A San Francisco high school has agreed to cover up an 83-year-old mural depicting slavery and dead Native Americans.
Commissioned by the US Government in 1936 and painted by a left-wing critic of American history, the mural depicts George Washington as a complicit figure in the enslavement of colored people.
Starting in the 1960s during the Civil Rights Movement, parents and students began calling for the mural’s removal from George Washington High School in San Francisco. In order to preserve the mural but quell the outrage, the District hired a black artist to paint a “response mural.”
Last year Amy Anderson, a Native American woman whose son attends the school, and indigenous activist Mariposa Villaluna drafted a resolution to send to the school board. Thus the Reflection and Action Committee was created, which recommended that the mural be painted over before the 2019 school year.
Last week, during a school board meeting, it was decided that the mural will be removed from public view either using solid panels or equivalent material.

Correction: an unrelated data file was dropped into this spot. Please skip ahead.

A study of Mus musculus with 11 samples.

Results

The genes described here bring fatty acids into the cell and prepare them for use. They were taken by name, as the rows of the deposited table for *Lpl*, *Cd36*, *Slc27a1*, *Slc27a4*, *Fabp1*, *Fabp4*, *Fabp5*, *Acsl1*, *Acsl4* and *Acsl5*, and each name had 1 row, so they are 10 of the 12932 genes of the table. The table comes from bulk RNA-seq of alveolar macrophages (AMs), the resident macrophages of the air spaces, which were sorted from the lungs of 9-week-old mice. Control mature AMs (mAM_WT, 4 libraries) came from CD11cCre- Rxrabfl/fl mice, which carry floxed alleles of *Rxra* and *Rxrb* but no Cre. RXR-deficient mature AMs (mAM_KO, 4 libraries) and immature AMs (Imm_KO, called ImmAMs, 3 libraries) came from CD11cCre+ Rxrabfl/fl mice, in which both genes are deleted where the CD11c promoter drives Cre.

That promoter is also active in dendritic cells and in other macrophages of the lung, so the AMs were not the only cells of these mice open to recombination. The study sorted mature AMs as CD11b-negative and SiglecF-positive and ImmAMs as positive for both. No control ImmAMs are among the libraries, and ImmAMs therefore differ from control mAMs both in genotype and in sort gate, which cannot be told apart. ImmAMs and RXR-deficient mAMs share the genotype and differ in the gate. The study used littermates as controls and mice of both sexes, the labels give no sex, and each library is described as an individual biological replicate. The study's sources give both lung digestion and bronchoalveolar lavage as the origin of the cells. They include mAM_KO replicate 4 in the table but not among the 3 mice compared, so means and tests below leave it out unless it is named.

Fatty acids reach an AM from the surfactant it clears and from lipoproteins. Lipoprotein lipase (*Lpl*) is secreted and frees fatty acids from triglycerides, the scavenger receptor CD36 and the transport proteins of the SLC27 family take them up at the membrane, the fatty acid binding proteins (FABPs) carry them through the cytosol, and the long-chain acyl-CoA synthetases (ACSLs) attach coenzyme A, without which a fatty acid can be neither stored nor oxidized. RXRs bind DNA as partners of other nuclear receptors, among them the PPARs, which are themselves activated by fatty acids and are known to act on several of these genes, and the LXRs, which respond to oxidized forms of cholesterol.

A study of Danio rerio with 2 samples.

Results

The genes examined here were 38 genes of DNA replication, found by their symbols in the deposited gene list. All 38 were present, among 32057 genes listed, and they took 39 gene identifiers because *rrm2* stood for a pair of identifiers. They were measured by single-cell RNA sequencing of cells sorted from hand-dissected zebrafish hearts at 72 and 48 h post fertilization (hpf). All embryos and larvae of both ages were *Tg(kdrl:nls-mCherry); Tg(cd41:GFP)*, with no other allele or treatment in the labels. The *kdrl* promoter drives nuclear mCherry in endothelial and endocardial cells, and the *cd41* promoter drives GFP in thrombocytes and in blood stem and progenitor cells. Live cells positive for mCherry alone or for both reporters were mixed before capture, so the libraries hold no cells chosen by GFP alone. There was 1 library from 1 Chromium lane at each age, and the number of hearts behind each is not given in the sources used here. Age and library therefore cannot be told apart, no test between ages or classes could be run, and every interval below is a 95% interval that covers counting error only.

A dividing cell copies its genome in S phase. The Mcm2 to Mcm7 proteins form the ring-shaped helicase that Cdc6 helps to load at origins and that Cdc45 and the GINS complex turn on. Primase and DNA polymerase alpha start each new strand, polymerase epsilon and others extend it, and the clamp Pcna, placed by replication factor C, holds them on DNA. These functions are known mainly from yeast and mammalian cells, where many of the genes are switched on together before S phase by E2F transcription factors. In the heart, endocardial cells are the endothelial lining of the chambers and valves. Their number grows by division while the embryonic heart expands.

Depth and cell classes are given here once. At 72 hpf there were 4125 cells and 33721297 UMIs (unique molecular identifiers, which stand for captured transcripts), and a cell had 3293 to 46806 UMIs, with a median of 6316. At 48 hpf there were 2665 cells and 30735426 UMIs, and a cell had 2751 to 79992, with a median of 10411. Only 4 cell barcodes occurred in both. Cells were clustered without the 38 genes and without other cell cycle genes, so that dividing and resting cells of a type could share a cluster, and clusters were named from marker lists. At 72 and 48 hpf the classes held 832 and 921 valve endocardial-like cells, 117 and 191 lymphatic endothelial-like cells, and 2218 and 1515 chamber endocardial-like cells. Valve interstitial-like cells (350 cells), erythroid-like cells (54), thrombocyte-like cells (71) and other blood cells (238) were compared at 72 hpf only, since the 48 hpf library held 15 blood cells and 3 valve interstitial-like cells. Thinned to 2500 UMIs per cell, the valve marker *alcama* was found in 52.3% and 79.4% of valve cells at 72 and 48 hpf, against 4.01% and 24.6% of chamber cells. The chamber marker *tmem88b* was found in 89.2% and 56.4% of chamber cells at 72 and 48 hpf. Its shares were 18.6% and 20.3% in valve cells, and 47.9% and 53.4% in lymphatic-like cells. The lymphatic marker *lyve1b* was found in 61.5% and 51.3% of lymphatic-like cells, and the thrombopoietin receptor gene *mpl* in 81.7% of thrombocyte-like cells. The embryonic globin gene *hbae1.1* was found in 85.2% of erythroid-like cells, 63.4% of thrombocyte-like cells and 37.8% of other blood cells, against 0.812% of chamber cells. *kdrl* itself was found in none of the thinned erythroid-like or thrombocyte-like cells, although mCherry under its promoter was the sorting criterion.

There are many critics that do not agree with the district’s decision, however. Advocates for preserving the mural argue that the art is a critique of the time period and must be considered in its historical and social contexts. They have asked that the school district take additional measures to preserve the art while educating students about its historical significance.
Over 500 artists, art historians and academics even signed an open letter asking that the mural be protected, proclaiming “The only viewers who should feel unsafe before this mural are racists.”
The only member of the committee to vote for keeping the mural, Lope Yap Jr., vice president of George Washington’s alumni association, says that a vote to remove the mural will spur him and his group to “mount a legal challenge.”
“I can see adding curriculum, adding plaques, I can see covering them — and if we’re going to do that, why not paint positive images on the fabric or curtain?” said Yap Jr. “Then when you open it up, you would see the dark part of history.”
Still, Anderson and Villaluna praised the decision to cover up the mural. “It’s also about reclaiming our time, reclaiming our space. It’s about black and indigenous people … it’s a form of reparations,” said Villaluna.